Audio Abstracts are changing the way scientific research is being communicated. Watch Ernest’s video below where he delves into his article ‘Preseason Adductor Squeeze Strength in 303 Spanish Male Soccer Athletes: A Cross-sectional Study’, highlighting the purpose of the study, its limitations and the practical applications. If you want to read the abstract or access the full paper (where available), all links are below.
The full paper can be found on Researchgate
Ernest can be found on Twitter @EsteveErnest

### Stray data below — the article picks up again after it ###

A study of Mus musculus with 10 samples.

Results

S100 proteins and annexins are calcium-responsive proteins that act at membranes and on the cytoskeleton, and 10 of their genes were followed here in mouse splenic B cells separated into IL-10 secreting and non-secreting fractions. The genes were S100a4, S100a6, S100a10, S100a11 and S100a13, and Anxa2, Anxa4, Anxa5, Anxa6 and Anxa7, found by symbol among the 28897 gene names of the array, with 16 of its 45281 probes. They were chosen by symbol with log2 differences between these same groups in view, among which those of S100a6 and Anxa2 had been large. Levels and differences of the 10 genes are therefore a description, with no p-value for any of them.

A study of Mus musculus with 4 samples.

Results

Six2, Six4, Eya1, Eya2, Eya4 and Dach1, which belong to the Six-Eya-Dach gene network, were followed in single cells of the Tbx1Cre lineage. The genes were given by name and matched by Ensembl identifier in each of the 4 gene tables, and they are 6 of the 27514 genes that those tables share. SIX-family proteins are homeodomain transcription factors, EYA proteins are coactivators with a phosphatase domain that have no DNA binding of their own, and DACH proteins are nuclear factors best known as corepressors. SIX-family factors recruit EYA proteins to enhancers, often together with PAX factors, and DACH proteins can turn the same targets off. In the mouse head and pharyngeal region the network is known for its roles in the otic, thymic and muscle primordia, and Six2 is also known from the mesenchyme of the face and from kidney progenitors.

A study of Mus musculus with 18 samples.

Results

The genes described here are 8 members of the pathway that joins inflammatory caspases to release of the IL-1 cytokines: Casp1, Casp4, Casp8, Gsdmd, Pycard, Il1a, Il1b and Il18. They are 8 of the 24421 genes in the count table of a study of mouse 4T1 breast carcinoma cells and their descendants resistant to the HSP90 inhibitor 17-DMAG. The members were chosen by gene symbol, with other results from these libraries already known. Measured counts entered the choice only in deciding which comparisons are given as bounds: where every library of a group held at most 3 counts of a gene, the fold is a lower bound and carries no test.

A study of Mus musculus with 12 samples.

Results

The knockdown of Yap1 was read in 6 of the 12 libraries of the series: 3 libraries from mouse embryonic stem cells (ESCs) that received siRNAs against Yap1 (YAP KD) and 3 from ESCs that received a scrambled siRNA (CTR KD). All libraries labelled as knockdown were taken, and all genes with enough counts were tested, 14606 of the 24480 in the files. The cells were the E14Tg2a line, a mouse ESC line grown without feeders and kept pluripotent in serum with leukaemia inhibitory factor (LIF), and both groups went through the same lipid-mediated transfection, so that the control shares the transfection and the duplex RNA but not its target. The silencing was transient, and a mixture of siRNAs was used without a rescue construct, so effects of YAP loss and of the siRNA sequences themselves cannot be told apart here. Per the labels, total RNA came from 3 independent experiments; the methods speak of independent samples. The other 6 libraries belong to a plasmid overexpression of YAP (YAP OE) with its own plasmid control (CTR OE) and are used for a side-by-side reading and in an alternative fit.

Abstract: Hip adductor muscle weakness and a history of groin injury both have been identified as strong risk factors for sustaining a new groin injury. Current groin pain and age have been associated with hip adductor strength. These factors could be related, but this has never been investigated. To investigate whether soccer athletes with past-season groin pain and with different durations of past-season groin pain had lower preseason hip adductor squeeze strength compared with those without past-season groin pain. We also investigated whether differences in preseason hip adductor squeeze strength in relation to past-season groin pain and duration were influenced by current groin pain and age. Study design: Cross-sectional study; Level of evidence, 3. In total, 303 male soccer athletes (mean age, 23 ± 4 years; mean weight, 74.0 ± 7.9 kg; mean height, 178.1 ± 6.3 cm) were included in this study. Self-reported data regarding current groin pain, past-season groin pain, and duration were collected. Hip adductor squeeze strength was obtained using 2 different reliable testing procedures: (1) the short-lever (resistance placed between the knees, feet at the examination bed, and 45° of hip flexion) and (2) the long-lever (resistance placed between the ankles and 0° of hip flexion) squeeze tests. There was no difference between those with (n = 123) and without (n = 180) past-season groin pain for hip adductor squeeze strength when adjusting for current groin pain and age. However, athletes with past-season groin pain lasting longer than 6 weeks (n = 27) showed 11.5% and 15.3% lower values on the short-lever (P = .006) and long-lever (P < .001) hip adductor squeeze strength tests, respectively, compared with those without past-season groin pain. Male soccer athletes with past-season groin pain lasting longer than 6 weeks are likely to begin the next season with a high-risk groin injury profile, including a history of groin pain and hip adduction weakness.